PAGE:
Title 42 must be upheld — for public health, not politics


Title 42 of the Public Health Service Act authorizes the director of the Centers for Disease Control and Prevention to suspend entry of individuals into the United States to protect public health. When I (Redfield) as CDC director invoked it in early 2020 because of the emerging COVID pandemic and influenza transmission at the border, I didn’t know it would block more than 2 million border crossings in the time since. What I did know was the border-detention structures, called by some reporters “cages,” put in place during the Obama years were designed for limited occupants — about 20 — at best, not the extensive overcrowding with people jammed in together witnessed by early 2020.

Seeing this, I made the decision myself. I did not have the backing of many at the CDC or bipartisan support throughout the federal government. But my pure motivation was to protect public health, the health of the migrants, the health of the government employees at the border and the citizens of our country, from contagious disease. I believe this move was successful and saved many thousands of lives.

Flash forward to now, after a DC federal appeals court rejected a bid by several Republican-led states to keep Title 42 in place and the Supreme Court intervened to keep it at least temporarily in effect. The problem remains one of public health and therefore national security.

Migrants line up at US border
With over 6,500 crossings a day now, the number could balloon if Title 42 expires.
James Keivom

Keep in mind that sending illegal migrants around the country to other cities is certainly not a fix for the Obama-era “cage” policy. Nor is simply hiring more Customs and Border Protection agents to add to the swamped and beleaguered group working now.

I first invoked Title 42 over health risks to the immigrants and guards because it was impossible for detention centers to comply with CDC-recommended social distancing and mitigation steps. And now the problem is far worse, with more than 2.3 million migrant crossings in 2022 so far, up from the historic 1.7 million in 2021. There are more than 6,500 crossings per day, and this number could easily double were Title 42 to expire.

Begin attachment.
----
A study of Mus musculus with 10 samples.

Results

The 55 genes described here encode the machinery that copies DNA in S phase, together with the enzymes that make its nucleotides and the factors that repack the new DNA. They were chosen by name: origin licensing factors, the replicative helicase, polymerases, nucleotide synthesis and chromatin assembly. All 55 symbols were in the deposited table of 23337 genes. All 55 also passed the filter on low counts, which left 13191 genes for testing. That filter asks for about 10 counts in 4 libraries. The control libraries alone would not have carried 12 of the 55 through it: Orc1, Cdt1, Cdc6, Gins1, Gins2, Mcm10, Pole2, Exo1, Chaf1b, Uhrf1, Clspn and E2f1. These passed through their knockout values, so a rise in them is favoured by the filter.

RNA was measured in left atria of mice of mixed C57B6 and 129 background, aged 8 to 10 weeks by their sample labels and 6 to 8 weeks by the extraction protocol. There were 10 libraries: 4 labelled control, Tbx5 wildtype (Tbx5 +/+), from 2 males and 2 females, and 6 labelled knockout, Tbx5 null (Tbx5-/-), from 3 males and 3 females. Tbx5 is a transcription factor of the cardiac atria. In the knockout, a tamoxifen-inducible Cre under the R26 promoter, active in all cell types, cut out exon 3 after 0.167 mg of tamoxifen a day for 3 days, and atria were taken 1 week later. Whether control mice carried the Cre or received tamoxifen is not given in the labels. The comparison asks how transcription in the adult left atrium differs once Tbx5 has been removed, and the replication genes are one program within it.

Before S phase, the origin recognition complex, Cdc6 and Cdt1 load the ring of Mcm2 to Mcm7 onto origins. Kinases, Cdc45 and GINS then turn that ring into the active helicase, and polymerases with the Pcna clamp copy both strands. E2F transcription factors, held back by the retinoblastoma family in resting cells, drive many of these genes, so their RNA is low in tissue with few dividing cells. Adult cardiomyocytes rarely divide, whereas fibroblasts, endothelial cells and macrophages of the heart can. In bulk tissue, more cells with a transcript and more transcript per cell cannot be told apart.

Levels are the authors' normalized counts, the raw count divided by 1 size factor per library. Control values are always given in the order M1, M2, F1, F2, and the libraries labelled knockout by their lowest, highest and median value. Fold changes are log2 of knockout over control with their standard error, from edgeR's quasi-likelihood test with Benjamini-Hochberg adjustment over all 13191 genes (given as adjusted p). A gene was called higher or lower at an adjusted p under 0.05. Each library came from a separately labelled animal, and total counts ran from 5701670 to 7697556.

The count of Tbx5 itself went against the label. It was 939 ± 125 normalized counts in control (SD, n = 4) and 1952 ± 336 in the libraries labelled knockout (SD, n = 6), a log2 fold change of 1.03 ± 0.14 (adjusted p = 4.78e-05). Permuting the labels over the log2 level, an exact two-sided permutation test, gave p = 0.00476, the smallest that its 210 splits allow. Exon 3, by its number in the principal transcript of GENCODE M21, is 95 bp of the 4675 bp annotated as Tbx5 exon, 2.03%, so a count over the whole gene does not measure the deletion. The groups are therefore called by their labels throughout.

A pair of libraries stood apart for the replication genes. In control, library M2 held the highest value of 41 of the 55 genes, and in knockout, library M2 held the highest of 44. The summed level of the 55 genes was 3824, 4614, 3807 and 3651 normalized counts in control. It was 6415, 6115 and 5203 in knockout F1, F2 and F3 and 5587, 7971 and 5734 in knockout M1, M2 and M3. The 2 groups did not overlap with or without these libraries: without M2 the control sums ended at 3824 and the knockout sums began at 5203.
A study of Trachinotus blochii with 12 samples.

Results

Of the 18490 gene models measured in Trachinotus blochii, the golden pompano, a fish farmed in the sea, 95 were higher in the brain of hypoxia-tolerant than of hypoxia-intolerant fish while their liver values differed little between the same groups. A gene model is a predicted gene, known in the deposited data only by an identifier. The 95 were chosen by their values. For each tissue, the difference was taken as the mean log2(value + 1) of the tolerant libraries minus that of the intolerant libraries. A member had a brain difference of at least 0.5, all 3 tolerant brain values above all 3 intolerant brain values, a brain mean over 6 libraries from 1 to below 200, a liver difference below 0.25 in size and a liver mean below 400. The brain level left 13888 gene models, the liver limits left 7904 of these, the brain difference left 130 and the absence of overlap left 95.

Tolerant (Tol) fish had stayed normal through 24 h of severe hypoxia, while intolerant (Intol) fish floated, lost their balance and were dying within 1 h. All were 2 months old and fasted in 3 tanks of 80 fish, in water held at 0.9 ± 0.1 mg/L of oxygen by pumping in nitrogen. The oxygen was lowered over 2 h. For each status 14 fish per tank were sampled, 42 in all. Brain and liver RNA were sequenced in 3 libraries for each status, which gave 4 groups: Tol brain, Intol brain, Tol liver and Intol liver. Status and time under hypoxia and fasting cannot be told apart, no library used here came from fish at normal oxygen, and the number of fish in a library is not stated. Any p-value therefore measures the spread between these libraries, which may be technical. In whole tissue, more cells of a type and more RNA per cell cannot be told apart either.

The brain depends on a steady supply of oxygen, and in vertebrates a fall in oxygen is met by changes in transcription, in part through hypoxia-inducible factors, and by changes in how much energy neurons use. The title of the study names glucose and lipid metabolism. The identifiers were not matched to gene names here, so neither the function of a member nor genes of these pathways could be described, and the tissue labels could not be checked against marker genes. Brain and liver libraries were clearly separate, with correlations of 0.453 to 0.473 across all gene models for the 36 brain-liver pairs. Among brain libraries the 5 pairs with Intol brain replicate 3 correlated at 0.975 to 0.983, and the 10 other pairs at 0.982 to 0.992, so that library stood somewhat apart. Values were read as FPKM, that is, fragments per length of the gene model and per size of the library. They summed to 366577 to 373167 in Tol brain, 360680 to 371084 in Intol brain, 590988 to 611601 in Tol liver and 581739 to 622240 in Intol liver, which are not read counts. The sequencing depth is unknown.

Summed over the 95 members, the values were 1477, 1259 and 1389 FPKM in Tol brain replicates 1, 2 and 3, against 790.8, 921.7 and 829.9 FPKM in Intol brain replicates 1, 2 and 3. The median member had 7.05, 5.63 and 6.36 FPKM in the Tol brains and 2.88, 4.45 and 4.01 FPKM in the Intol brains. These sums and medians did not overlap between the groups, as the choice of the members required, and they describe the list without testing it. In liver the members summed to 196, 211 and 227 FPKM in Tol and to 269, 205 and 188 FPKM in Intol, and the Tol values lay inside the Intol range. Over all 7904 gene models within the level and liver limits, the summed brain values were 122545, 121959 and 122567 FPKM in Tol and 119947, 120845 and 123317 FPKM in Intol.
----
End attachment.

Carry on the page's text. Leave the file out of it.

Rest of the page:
Dr. James Hodges, internist working at the southern border, told us that “with cold weather, off-and-on rain, huge numbers coming in, we would expect worsening health conditions with poor sanitation and overwhelmed resources with the ending of Title 42. So if Title 42 was to end, we would expect a mess with all border towns overwhelmed.”

Migrants outside a church
The crush of migrants could overwhelm southern Texas hospitals.
James Keivom

Title 42 is a finger in the dike against the burgeoning health problems at the border, with high rates of flu, COVID, injuries while crossing, dehydration and diarrheal diseases from a lack of potable water — not to mention, once again, the terrible health and emotional risks to our hardworking CBP agents. 

The spread of fentanyl and other illegal opioids across our southern border isn’t covered under Title 42, but were it to expire, we would expect drug trafficking to increase along with the massive influx of more illegal immigrants.

Title 42 needs to be extended until the border problem is fully addressed — and not just because of a bad flu and respiratory syncytial virus (RSV) season or because the Biden administration still considers COVID a public-health emergency but for its humanitarian impact.

By the same token, COVID fatigue should not determine public-health policy. And busing migrants to Democrat-led cities is not a long-term solution either; many will add to our nation’s homeless at risk. We are far more concerned, though, about the onslaught of potentially ill migrants to southern Texas communities, where hospitals may be easily overwhelmed, as they were at the height of the pandemic.

Public health should not be about politics. It should be focused on improving the human condition. Title 42 traces its origins all the way back to the Public Health Service Act of 1944. It is an important part of our law and it is designed to protect us and limit the spread of infectious disease. It should be upheld and embraced.

Wanting to stop the spread of contagious and other diseases into the United States is in our national interest. This is why our ancestors were routinely screened for diseases, including tuberculosis, at Ellis Island and elsewhere more than a century ago when they applied for legal entry into America. Legal or illegal, the need for stringent public-health standards remains.

Robert Redfield, MD, was director of the Centers for Disease Control and Prevention from 2018 to 2021. Marc Siegel, MD, is a clinical professor of medicine and medical director of Doctor Radio at NYU Langone Health and a Fox News medical analyst.